A few months after the birth of my daughter, I felt immense anxiety. The thought of leaving my house with my daughter to do anything that was not part of the normal routine left me feeling overwhelmed. When I was out with her on my own I would constantly worry that something bad would happen. I felt guilty like I was doing something wrong. At night I would stress, worrying about her breathing and would set several alarms throughout the night to go check on her. I did not realize for a long time, but this wasn’t normal. I was experiencing symptoms of Postpartum Anxiety.
Postpartum Depression and Anxiety
Postpartum Depression (PPD) is more than just feeling sad. Symptoms of PPD include feeling disconnected from your baby or those close around you, extreme exhaustion that lasts more than just a day or two, thoughts of hurting yourself or your baby, feelings of anxiety, irritability, and lost interest in doing things that you used to enjoy. More information on postpartum depression symptoms can be found on the CDC website.
Although PPD can bring about feelings of anxiety, Postpartum Anxiety (PPA) can be its own diagnosis. PPA is usually accompanied by overwhelming feelings of anxiety.. Harvard Health Publishing describes the symptoms of PPA, the difference between PPA and PPD and the possible need for a different diagnosis.
Postpartum Depression and Postpartum Anxiety can be found in all ethnicities, races, and income levels. Several factors can increase risk like lower income, previous diagnosis of depression or anxiety before pregnancy, being a single mother, unplanned pregnancy, recent stressful factors like death of a loved one, job loss, other financial troubles, and traumatic birth experiences. Even when you do not fit inside those categories for risk factors, you can still experience either PPD or PPA. The Utah Department of Health states that, 1 in 8 Utah women experience effects of postpartum depression and 1 in 3 experience prenatal depression, prenatal anxiety and/or postpartum depression.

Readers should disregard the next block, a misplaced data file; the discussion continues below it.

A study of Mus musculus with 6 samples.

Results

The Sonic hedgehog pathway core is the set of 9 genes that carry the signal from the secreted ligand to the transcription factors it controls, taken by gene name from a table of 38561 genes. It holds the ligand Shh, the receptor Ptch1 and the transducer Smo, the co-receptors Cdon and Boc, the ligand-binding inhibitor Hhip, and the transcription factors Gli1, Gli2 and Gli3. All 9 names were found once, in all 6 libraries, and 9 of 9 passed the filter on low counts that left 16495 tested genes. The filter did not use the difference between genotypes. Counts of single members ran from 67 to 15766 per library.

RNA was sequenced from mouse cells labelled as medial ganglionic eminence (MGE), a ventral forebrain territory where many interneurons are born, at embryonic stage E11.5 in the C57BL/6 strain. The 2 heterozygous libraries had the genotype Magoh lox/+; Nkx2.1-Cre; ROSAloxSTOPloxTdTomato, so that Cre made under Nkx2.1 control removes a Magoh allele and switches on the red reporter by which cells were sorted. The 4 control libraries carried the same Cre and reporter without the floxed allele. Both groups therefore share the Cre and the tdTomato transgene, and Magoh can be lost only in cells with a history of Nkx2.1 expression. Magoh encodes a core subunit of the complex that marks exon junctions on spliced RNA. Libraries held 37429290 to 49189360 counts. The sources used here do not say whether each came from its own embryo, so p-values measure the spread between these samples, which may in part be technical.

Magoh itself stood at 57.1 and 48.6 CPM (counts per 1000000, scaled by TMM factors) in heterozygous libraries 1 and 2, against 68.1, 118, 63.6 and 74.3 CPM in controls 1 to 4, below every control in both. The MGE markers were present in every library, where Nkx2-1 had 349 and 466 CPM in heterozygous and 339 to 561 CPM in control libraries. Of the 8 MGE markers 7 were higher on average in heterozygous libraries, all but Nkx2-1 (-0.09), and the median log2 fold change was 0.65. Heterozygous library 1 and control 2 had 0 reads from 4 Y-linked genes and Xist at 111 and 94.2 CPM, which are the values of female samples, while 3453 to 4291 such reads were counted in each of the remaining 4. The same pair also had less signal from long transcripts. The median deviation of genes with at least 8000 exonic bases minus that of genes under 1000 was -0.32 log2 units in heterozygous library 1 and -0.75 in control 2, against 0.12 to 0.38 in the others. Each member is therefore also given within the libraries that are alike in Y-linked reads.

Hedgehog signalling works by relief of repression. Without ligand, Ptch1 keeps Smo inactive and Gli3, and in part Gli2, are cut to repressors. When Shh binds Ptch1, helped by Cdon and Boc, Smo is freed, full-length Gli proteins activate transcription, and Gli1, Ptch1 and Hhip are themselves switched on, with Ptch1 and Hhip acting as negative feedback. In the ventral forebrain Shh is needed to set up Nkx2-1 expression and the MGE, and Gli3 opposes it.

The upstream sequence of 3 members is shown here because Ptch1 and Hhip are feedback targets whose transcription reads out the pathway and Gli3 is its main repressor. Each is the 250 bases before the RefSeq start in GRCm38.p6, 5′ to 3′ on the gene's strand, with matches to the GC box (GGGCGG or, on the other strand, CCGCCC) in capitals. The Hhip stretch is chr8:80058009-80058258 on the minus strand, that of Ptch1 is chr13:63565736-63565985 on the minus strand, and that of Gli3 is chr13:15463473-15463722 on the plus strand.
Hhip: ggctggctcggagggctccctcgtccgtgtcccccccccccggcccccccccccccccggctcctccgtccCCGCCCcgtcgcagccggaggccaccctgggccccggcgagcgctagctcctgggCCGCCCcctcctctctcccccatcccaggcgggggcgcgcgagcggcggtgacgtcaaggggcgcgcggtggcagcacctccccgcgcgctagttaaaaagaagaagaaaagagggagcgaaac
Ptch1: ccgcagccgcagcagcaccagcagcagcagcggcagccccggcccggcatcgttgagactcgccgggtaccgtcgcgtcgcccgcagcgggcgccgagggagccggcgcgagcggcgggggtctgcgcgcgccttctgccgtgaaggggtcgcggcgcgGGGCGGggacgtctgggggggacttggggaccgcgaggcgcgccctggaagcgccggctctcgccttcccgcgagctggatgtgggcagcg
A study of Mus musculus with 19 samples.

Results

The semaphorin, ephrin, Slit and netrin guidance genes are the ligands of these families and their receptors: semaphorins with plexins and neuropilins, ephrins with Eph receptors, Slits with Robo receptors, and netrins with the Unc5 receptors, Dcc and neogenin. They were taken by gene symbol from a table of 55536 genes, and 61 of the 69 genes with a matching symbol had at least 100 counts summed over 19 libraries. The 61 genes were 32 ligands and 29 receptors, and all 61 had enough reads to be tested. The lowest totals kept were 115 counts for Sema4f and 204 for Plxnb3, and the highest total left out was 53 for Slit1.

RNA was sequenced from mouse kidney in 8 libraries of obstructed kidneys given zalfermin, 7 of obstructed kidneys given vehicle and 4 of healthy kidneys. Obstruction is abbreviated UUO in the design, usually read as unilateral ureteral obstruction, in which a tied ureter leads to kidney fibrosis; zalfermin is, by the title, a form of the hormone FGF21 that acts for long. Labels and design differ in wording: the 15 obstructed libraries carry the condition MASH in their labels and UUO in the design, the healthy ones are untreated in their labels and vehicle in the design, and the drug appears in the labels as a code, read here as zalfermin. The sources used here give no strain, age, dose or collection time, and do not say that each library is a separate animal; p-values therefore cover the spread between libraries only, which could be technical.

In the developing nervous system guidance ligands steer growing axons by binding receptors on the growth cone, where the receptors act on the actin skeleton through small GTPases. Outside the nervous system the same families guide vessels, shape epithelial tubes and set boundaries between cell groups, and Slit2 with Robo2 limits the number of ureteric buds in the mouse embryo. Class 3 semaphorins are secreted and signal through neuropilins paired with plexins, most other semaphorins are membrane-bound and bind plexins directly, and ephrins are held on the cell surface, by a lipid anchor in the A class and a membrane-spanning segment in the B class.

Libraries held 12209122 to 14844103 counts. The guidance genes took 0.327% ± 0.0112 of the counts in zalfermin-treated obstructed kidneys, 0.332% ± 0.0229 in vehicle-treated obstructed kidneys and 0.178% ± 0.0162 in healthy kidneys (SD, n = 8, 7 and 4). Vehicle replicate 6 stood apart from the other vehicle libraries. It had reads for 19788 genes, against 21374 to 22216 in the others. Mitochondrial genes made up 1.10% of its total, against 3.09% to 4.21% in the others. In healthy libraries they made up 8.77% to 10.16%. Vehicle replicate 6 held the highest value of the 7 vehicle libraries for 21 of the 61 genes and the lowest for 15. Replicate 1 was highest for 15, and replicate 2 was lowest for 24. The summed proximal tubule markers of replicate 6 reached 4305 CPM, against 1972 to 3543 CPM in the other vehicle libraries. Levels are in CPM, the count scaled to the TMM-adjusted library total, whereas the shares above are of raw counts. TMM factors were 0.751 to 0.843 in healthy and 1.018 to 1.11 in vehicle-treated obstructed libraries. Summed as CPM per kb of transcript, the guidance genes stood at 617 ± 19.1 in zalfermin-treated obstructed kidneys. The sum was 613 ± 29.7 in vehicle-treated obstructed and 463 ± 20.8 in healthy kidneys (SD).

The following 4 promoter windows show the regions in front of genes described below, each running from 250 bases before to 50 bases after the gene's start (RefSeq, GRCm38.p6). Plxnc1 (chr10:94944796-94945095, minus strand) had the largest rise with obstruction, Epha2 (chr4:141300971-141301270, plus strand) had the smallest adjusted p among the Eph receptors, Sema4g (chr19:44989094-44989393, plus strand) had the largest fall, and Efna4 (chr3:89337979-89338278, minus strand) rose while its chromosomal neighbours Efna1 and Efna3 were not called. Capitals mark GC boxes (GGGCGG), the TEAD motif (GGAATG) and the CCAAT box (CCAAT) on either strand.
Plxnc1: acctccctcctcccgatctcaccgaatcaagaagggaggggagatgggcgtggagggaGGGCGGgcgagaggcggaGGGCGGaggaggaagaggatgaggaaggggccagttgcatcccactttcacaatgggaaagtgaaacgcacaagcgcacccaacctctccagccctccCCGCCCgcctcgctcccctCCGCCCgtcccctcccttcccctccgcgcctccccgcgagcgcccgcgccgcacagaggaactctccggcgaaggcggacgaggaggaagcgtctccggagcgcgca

Having Postpartum Depression and/or Postpartum Anxiety can often feel isolating and overwhelming. However, mothers and caregivers suffering from PPD and PPA can be fairly common. Here a mother shares her experience with PPD and not feeling that bond and love for her newborn until she found help. In my own experience, as I’ve had the opportunity to talk to other mothers, I’ve found that many can relate and I feel better understood, and most importantly I don’t feel so alone.
What You Can Do
Postpartum Screening. If you believe that you have PPD or PPA or you are unsure about your feelings you can take the Edinburgh Screening which is a “postpartum” depression screening that can actually be taken during pregnancy and up to a year after delivery. When you submit this short questionnaire on our Help Me Grow Utah website, you will be connected with one of our Parent Support Specialists. They can help clarify and answer some of your questions and concerns, support you, and provide you contact with resources and professionals who can help.
Talk to your doctor. Talk to your healthcare provider about how you feel. If you feel like they are not listening or providing the help you need, you are encouraged to find another healthcare provider who can help.
Therapy. Many times your provider will recommend therapy. Talking to a qualified professional will help you gain a better perspective on how and why you feel the way you do. They will also be able to provide more specific advice based on your needs.
Medication. This should only be taken under the instruction and guidance of a healthcare professional.
Non-medication Strategies. Non-medication strategies are explained here and include: Cuddling your baby (a lot) , spending time with other mothers, increasing your physical activity, weaning gradually, and asking for help.
Lastly, give yourself a break. Being a mother is hard and it is a learning experience with each new baby.
PPD and PPA can feel so isolating. Often you will feel like you are just not yourself anymore.. But you are not alone and you do not have to face this on your own. It can be an incredible relief to make that effort to reach out to someone who understands. Whether a fellow parent who has gone through similar thoughts and feelings or a professional who can help provide options for relief, finding someone to share your feelings with can lift the weight you are experiencing.
The international hotline for postpartum depression is 1-800-944-4PPD(773).